This sort of thing is embarrassing but not terribly unusual in the auto industry. It happens every year or so to a few models, although as far as anyone can remember, this is the first time a golf tournament has had to be recalled.
There was no choice. The 1997 Buick Open didn't roll off the assembly line exactly as planned. Nothing serious, mind you; this is merely a precautionary measure as we head to Winged Foot for the year's final major championship (but if you hear an air bag deploying, duck and cover). Here's what didn't meet the specs.
Vijay Singh of Fiji won by four shots. (Check the manual under Best Players Who Haven't Won a Major.) He won the Memorial two months ago, but a second Vijay Day was not supposed to happen here at Warwick Hills Country Club in Grand Blanc, Mich. Not after Ernie Els, the guy we were about to promote to World's Best Player, had barely broken a sweat while building a three-stroke lead after 54 holes. The U.S. Open champion, looking like this summer's blockbuster hit, seemed ready to nuke the field and win another Buick (to go with the Century he was given in June for winning the Buick Classic). "I've only got room for two cars and a golf cart," Els joked after his second-round 63, which included an unlikely downhill pitch-in for eagle on the par-5 548-yard hole.
The chase was supposed to be futile. "You don't want to be behind Ernie," says two-time U.S. Open champion Curtis Strange, who was among Els's pursuers. "It's no secret that Ernie's a wonderful player, probably one of the top two in the world." And the other? Strange made a face and laughed. "Don't ask stupid questions."
Yet when Els shot 72-74 on the weekend, scores that wouldn't have made the cut, and Singh shot 67-66, the Buick suddenly looked like a match race between Chris Farley and Donovan Bailey, with Singh sprinting to victory at 15 under par. "It was tough to swallow," said Els, who finished in a tie for second with five other players. "When you have a three-shot lead, you feel like you lost it, but Vijay played well. I'm very disappointed in my finish. It's a cruel game at times."
Factory reps would like to bring in the Buick and take a closer look at the way Singh wielded his putter last week. He isn't supposed to be that good on the greens. Out of desperation he used a long-shafted putter last year, and before the Buick he ranked 151st in the putting stats. At the Buick, Singh was 17th, and 'he rolled in the clinching 20-footer for birdie on the final hole with the authority of a man who knew he was going to make it before he drew back the blade. The credit goes to a Zebra putter he snatched from a club representative the night before the first round, and to Singh's wife, Ardena. "I'd been playing good all year but couldn't score," Singh says. "I went to a long putter last year and it was a roller coaster—I'd putt good one week and putt bad for five weeks. My wife finally said, 'You spend too much time on your long game and not enough on your short game.' So the last three or four weeks I've dedicated myself to my short game."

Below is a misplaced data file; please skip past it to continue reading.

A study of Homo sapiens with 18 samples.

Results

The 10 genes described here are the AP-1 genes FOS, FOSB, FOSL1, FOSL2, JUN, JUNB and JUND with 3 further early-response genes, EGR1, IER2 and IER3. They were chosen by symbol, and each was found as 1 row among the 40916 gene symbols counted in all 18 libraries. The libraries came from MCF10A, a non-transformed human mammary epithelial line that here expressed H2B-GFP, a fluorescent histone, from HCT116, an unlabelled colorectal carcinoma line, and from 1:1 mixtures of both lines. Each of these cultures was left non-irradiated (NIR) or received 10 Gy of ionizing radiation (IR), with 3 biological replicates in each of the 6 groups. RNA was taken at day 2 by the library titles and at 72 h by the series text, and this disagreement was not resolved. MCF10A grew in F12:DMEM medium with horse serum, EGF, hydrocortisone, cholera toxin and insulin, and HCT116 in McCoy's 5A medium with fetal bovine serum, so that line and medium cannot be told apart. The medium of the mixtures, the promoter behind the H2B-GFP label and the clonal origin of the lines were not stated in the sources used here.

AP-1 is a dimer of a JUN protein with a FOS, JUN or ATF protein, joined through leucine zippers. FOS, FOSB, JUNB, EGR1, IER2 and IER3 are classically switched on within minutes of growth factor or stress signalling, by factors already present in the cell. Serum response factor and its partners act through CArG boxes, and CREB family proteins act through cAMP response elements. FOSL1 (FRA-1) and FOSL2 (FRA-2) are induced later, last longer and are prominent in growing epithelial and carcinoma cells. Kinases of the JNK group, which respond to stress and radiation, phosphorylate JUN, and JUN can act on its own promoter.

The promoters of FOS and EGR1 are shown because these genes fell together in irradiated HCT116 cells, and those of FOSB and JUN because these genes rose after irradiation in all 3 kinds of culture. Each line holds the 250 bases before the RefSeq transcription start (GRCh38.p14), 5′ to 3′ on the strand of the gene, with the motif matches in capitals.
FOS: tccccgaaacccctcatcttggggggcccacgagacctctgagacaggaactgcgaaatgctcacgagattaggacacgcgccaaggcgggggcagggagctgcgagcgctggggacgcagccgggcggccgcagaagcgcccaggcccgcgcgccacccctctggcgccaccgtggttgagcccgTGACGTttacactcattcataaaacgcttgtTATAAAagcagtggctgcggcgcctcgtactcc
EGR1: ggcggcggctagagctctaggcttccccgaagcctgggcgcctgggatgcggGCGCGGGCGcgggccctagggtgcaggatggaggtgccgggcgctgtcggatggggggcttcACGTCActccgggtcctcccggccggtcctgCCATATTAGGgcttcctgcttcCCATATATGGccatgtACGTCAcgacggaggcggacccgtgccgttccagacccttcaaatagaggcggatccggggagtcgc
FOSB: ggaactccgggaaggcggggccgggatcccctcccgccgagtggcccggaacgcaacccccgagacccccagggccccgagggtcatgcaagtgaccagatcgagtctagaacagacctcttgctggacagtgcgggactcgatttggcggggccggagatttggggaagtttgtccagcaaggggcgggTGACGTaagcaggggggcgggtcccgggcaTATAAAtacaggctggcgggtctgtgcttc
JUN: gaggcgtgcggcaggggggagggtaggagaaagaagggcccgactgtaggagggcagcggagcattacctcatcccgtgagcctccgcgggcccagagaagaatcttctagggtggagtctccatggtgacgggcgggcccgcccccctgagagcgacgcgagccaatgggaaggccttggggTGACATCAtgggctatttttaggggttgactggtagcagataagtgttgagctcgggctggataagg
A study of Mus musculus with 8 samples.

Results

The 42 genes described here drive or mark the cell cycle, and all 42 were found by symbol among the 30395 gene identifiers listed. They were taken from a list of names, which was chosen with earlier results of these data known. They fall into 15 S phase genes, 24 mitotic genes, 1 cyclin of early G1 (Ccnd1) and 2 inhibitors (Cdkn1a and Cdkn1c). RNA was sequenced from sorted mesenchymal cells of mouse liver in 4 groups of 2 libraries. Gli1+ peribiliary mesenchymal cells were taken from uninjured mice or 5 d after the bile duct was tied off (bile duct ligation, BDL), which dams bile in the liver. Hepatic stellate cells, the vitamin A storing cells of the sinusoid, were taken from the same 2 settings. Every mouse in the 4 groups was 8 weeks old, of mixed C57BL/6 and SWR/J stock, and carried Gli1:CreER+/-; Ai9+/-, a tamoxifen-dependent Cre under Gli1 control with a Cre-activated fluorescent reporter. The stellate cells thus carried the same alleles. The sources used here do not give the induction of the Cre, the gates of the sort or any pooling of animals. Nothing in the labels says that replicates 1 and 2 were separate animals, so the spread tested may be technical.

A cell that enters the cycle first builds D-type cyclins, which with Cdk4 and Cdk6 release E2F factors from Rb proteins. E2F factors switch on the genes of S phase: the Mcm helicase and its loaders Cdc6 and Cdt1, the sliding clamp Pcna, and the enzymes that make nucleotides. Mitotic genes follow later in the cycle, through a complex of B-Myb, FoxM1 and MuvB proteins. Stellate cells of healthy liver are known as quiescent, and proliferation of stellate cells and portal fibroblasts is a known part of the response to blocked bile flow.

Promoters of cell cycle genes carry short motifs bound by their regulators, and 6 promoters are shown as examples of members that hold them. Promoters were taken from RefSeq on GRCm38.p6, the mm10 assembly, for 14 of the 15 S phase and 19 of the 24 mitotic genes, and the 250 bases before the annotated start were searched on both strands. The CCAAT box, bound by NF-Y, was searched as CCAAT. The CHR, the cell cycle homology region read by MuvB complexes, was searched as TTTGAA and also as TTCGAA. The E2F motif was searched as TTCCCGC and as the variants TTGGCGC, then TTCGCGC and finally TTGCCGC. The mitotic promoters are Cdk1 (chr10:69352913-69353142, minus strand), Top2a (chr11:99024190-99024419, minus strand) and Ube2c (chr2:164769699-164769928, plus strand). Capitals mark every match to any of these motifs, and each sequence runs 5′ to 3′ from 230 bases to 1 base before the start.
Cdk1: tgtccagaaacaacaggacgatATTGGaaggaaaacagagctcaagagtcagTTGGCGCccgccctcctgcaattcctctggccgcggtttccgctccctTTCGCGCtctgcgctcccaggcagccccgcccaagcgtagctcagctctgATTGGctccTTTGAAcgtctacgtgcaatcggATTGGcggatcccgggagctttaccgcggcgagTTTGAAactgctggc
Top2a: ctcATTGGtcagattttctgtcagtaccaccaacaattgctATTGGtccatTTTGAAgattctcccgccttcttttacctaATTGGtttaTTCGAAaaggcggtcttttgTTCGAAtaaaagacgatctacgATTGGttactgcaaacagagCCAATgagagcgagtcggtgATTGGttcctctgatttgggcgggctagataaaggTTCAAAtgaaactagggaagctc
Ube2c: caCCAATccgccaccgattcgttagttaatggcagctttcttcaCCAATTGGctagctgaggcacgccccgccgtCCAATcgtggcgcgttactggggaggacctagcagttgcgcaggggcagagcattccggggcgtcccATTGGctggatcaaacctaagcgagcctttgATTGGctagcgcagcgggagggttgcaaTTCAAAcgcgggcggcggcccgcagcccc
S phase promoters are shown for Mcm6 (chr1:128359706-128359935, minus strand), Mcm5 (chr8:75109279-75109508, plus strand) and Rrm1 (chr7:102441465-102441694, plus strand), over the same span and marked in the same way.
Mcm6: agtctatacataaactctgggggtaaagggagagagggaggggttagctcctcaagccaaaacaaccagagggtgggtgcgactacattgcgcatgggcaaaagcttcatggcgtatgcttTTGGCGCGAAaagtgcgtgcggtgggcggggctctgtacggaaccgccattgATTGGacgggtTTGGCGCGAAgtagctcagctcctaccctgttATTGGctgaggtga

The results, in golf terms, were immediate and impressive. If Singh can keep it up, he will be a factor at Winged Foot. "It feels so good, you can't believe it," Singh says of his sudden ability to hole putts.
Our mechanics would like to look under the hood of Sonny Skinner, a guy who has gone to Q school every year since 1983 but amazed everyone with a 62 in the opening round. That's the kind of number the fans were expecting from Tiger Woods, who was making his first start since the British Open. But there was no tiger in Woods's tank as he opened with a rusty 72. He shot 31 on his first nine the next day but stalled for 68, began the third round by eagling the 1st hole but sputtered to a 70 and on Sunday closed with four birdies on the last seven holes to tie for eighth.
Although he never contended, Woods didn't consider the Buick to be a wasted week. "I'm very positive heading into the PGA," he said. "I feel like I'm ready." The $43,500 Woods won pushed his season total to $1,821,895, eclipsing the Tour record set by Tom Lehman last year. As for Skinner, he was only partly Sonny over the remaining 54 holes, which he played in nine over par to come in 59th.
The Buick's most serious defect was that it failed to clear up an increasingly muddled Ryder Cup picture. Davis Love III was supposed to clinch a spot on the team, and Fred Couples and Corey Pavin were expected to establish themselves as clear-cut wild-card choices. Love missed the cut, as did Pavin, who has slumped for the entire year. Couples was inconsistent and, at times, apathetic. The veterans who made good impressions were—yikes!—Strange, who played in the final pairing on Sunday with Els and birdied four holes while tying for second, and warhorses Payne Stewart and Lanny Wadkins, who tied for 11th.